PIAA Looking to Reduce Number of Weight Classes in Wrestling
If the NFSHSA, which is not expected to vote on the proposal until April 2020, does not approve the change, the PIAA would like to implement a three-year pilot program on its own.
Under the proposal, the 12 weight classes would be: 110, 118, 125, 132, 138, 145, 152, 160, 170, 190, 215, 285.
The current weight classes are as follows: 106, 113, 120, 126, 132, 138, 145, 152, 160, 170, 182, 195, 220, 285
An increasing number of dual meet forfeits are the impetus for the proposed changes.
Randy Cathcart, a member of the District 9 Committee who also serves on the PIAA’s Wrestling Steering Committee, voted for the proposal.
“Participation has dropped,” Cathcart said. “This has caused many teams to forfeit weight classes. Dropping the number of weight classes (including going from 18 to 15 at the junior high level) should eliminate many of these forfeits and allow teams to be more competitive.
“It would make matches more exciting for the fans because more matches should be wrestled. It could encourage coaches to have more dual meets against rival teams instead of going to tournaments. In the past, coaches that were forced to forfeit many weight classes elected to go to more tournaments instead of having dual meets.”
It should be noted that under the PIAA’s proposal varsity teams would be permitted to enter a second wrestler in each weight class at tournaments where nine or more teams participate.
The PIAA’s proposal to reduce weight classes has been viewed favorably by some District 9 coaches, primarily for the reasons cited by Cathcart, with many suggesting tweaks.
“I am in favor of what the PIAA is trying to do with the proposed weight class changes,” Bradford head coach Jamey Miller said.” The 106 class is extremely hard for schools to fill. The purpose of the changes is to eliminate all the forfeits we are seeing not just in Pennsylvania but across the nation. These forfeits are a huge problem for smaller schools.
Dominic Surra, head coach at St. Marys, said he is in favor of the proposed weight changes if it is done correctly.
“I think that participation is important but also the product we put on the mat is too,” Surra said. “Fans come to see dual meets and good dual meets not forfeits. I believe dual meets are the cornerstone of our sport. They provide excitement within the program which helps build a program as well as maintaining a program.”
Port Allegany head coach Bradley Greenman said he would be in favor of a reduction of weight classes but would rather see 13 weight classes as opposed to the 12 proposed.
“This would solve a lot of ties going to criteria in matches,” Greenman said. “The reason I’m for the reduction is we see it a lot in our area where we’ll travel for a dual meet 45 minutes or more and wrestle the dual in less time than that due to forfeits.”
Clarion head coach Brian Luton believes 12 weight classes are a reasonable amount of weights.
“The weight classes may need tweaked a little bit but for a long-time high school wrestling has 12 weight classes,” Luton said. “We always have to be doing a better job at getting kids involved in the sport but with declining participation in our sport I think the move makes sense.”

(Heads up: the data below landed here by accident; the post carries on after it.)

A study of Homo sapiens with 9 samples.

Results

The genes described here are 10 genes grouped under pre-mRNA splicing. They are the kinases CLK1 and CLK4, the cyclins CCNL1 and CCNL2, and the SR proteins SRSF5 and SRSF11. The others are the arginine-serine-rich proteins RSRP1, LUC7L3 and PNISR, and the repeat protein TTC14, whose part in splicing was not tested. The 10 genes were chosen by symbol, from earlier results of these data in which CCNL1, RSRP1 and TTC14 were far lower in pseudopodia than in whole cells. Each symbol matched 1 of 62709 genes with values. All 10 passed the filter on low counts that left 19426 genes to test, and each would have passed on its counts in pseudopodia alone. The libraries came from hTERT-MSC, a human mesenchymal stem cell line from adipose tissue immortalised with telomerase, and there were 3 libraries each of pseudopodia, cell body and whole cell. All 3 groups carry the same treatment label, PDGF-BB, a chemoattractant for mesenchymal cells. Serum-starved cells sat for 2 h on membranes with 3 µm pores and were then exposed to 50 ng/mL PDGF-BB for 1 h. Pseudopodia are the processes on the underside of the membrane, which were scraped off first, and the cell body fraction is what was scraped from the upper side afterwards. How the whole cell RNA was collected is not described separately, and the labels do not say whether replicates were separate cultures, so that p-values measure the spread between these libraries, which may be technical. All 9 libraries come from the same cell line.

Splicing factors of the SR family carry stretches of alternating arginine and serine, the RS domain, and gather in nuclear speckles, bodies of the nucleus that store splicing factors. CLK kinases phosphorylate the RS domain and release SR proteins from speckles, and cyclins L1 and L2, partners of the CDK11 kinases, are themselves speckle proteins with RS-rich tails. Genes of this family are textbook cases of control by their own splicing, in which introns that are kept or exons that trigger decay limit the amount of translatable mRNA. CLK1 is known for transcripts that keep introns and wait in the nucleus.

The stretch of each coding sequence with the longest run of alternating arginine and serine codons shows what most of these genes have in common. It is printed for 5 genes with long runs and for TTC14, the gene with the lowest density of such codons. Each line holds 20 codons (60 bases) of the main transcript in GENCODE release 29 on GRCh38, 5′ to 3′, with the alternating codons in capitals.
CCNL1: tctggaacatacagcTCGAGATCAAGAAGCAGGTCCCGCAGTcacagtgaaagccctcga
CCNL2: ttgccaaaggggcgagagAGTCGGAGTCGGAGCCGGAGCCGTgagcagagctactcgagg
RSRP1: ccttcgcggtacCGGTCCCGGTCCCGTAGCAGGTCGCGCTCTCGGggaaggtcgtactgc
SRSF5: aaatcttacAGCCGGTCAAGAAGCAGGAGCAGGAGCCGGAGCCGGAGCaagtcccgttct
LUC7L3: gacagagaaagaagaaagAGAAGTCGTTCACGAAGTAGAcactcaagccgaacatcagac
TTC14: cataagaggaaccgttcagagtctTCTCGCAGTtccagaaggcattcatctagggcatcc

Luke Bundy, outgoing head coach at DuBois and Eric Eddy, head coach at Punxsutawney, both have mixed feelings about the proposed change.
“I am kind of torn with the reduction of weights,” Bundy said. “I think there is a benefit of trying to eliminate forfeits and make duals more competitive. On the other hand, I see the argument that you are eliminating an opportunity for two athletes who traditionally fill a line-up year-in and year-out. It is a tough decision. Ideally, I think more needs to be done with this idea of reducing weights.”
Eddy said he doesn’t agree nor disagree with the proposal.
“I understand the thinking behind it especially in our area and other more rural settings,” Eddy said. “It would definitely benefit a program like ours that has traditionally struggled to fill a line-up. So on one hand, I could say that is what is best for the sport, but I also see it limiting opportunity. Fewer weight classes clearly means fewer guys on the mat. For our program, it could mean filling the line-up, but for another program, it could lead to attrition. Kids will quit because the option to move away from a teammate to secure a spot in the line-up will be less.”
Mike Voltano, head coach at Johnsonburg, also sees the PIAA’s proposal as a potential double-edged sword, helping a program one year but possible hurting it the next.
“I think it is time for the PIAA to step in and make a few changes with the weight classes,” Voltano said. “A few years ago we were all about dropping the weight classes from 14 to 12 or so. Now we (Johnsonburg) are expecting to have 17 or so kids on the team this year, so that would mean a few more kids would be without a spot. So it all depends on how many kids you have on your team each year,” said Voltano.
One head coach against the proposal is Dave Klepfer at Brookville mainly because it might take away athletic opportunity for some students.
“I certainly want to grow the sport but in my opinion, this is not the way to do it,” Klepfer said. “I’m not against a weight change but to take away two weights, and more importantly, take away the little guys’ opportunity is just not growing the sport in my mind. We need to do better in not only recruiting but also keeping kids involved in the sport.”
The last significant weight class change for high school wrestling came during the 2011-12 season when the NFSHSA implemented an upward shift from the classes than in existence to the current configuration. By revising 10 of the 14 weights the goal was to create classes that had approximately 7% of wrestlers in each.